Smiley installation shows the mood of a city

Posted to Data Art  |  Tags: , ,  |  Nathan Yau

Project Stimmungsgasometer (say what?) is a giant smiley face that changes based on the mood of Berlin citizens. When they are collectively “happy” the light is a smile, and when they are not, it is a sad face. Input comes from facial recognition software that takes in video from a strategically placed camera. The software estimates whether passers by are happy or not, and then installation changes accordingly.

See it in action in the video below.

Has anyone from Berlin seen this going? I wonder how accurate the software is and what the cutoff is for a happy city.

[Stimmungsgasometer via infosthetics]


  • Kevin McConway December 2, 2011 at 1:16 am

    Well, I’m in Berlin at present, but it’s not here any more. It was here (according to the website you link to) in 2008 for only quite a short time (18 Oct to 3 Nov). I’ve asked a few colleagues who were here at the time (I wasn’t) and nobody so far reports seeing it. The video you link to shows it appearing at Lindau in 2010 – Lindau is on Lake Constance (Bodensee), which is at the other end of Germany from Berlin (over 700 km away). As far as I can make it, it was there also only for a few weeks in August 2010.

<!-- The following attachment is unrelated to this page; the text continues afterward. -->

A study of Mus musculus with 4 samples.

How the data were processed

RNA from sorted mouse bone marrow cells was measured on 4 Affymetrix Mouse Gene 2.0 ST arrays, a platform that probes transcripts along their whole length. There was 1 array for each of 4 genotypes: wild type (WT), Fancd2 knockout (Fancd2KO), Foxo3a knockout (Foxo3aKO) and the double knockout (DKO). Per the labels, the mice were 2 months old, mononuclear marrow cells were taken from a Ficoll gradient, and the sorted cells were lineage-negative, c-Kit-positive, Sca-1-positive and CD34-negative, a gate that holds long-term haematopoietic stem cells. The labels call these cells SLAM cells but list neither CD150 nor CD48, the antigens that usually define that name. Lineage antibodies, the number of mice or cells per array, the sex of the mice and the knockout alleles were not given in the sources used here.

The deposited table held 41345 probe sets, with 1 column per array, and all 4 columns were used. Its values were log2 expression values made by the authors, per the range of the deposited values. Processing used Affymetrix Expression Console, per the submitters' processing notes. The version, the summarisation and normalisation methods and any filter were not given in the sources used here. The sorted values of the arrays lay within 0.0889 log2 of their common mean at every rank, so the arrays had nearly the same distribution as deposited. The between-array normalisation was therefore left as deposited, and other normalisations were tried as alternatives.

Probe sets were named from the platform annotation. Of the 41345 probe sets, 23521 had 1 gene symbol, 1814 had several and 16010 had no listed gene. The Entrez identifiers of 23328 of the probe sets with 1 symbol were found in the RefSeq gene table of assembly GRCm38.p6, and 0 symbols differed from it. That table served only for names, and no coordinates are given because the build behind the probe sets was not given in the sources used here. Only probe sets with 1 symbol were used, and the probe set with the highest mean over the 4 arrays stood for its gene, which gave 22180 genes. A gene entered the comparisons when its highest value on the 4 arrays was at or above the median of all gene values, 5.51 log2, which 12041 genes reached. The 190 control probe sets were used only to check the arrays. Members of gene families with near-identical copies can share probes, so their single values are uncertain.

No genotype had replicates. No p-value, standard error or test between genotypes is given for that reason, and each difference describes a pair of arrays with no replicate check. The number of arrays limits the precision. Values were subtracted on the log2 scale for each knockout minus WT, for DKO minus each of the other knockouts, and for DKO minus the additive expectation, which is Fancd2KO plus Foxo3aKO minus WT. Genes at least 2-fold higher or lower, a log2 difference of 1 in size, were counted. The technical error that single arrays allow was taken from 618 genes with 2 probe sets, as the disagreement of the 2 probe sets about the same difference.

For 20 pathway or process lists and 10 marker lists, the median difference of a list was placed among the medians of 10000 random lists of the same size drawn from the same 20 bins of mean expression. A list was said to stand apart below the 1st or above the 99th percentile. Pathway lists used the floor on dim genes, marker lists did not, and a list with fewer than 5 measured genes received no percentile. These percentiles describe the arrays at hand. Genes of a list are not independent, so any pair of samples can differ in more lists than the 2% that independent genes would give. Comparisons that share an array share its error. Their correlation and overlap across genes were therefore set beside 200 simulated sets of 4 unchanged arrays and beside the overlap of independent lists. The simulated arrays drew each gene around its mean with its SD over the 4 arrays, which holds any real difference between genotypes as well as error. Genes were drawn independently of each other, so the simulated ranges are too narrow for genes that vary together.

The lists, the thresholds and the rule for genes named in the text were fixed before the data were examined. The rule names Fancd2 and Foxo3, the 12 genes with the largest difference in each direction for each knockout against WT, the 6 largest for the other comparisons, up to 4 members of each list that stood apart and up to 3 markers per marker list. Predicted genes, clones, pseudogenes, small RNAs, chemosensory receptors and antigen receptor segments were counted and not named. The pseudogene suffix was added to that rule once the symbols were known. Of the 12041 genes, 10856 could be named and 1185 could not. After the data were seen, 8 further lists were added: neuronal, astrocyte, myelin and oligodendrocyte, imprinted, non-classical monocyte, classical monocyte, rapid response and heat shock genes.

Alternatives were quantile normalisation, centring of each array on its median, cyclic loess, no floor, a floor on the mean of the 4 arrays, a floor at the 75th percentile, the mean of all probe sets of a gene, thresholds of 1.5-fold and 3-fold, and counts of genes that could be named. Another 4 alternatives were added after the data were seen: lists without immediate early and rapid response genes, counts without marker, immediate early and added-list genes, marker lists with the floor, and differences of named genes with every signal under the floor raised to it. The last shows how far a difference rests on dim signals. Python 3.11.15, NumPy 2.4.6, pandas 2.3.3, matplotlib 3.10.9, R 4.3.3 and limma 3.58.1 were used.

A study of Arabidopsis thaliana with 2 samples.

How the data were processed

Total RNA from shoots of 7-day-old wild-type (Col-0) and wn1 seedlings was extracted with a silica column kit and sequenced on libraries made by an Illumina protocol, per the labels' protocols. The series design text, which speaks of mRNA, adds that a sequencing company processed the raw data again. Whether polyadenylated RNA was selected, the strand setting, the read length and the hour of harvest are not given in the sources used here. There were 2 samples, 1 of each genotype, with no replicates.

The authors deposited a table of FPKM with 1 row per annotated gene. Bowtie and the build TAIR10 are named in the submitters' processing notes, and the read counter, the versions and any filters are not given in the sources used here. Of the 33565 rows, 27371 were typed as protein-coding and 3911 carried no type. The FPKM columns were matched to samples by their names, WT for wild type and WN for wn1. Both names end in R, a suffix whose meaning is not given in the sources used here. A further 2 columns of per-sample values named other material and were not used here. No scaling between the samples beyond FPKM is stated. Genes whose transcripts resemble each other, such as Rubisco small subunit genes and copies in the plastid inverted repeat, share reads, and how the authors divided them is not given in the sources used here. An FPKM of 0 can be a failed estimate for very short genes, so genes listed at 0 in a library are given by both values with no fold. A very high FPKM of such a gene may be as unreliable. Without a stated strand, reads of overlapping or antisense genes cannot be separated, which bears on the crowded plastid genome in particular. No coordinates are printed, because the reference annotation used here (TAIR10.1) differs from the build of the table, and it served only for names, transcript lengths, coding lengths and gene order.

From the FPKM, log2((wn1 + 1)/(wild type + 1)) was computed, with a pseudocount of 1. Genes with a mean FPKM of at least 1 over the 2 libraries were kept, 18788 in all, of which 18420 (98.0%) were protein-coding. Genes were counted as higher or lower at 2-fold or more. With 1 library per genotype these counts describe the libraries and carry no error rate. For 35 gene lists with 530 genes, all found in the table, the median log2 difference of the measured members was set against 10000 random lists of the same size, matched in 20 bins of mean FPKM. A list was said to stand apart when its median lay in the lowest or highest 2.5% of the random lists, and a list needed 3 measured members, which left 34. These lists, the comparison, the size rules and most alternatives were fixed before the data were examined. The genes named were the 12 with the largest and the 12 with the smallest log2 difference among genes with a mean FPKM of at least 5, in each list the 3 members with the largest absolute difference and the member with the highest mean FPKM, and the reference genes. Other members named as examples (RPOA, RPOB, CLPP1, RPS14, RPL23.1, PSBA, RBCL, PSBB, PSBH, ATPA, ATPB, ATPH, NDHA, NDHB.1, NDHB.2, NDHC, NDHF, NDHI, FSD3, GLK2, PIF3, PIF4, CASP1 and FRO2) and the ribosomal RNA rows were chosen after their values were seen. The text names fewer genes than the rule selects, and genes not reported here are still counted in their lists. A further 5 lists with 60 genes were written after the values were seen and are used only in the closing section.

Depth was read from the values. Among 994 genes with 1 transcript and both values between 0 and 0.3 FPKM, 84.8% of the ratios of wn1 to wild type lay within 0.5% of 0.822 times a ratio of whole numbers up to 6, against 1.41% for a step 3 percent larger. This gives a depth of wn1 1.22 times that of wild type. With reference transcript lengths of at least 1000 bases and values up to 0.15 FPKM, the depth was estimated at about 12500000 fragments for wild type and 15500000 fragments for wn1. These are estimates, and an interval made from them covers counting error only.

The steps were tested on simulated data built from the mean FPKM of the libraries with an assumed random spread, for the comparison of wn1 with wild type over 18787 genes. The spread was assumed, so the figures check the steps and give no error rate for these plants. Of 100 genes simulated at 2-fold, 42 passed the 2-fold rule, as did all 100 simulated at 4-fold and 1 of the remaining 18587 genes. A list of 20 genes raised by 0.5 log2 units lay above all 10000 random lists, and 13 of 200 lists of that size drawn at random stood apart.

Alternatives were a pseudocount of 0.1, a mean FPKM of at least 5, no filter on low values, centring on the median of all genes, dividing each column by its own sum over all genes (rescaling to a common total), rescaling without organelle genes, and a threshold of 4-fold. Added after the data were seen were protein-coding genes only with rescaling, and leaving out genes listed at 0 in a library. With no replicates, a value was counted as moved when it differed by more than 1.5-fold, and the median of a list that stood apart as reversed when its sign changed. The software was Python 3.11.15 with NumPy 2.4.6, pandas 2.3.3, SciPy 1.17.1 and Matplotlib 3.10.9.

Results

• Hi,
    Kevin is right. Lindau is a town in the very South of Germany on Lake of Constance. It was an art installation using a software made by the German Fraunhofer Institute. Additional information can be found here or here. “Gasometer” is a huge gas holder and “Stimmung” is the German word for “mood”. They used the combination of the two words probably because the first  installation was set up on a gas holder.

    CU – Stephan

    • Is it possible it’s called a “gas holder” because it is a neon sign, i.e., creating light via gas?

  • Kevin Carlson December 2, 2011 at 8:59 am

    Too bad it’s gone. I was going to ask if they were using exponential smoothing! :)

  • I do wonder if there was any observation effect i.e. knowing that your face was being represented elsewhere, smiled. I do wonder what the data looked like.

  • I have seen it a couple of times here in Berlin and at least on rainy days the mood shown was “sad”.
    You should have a look at The Fulgurator, another great project from the same guys.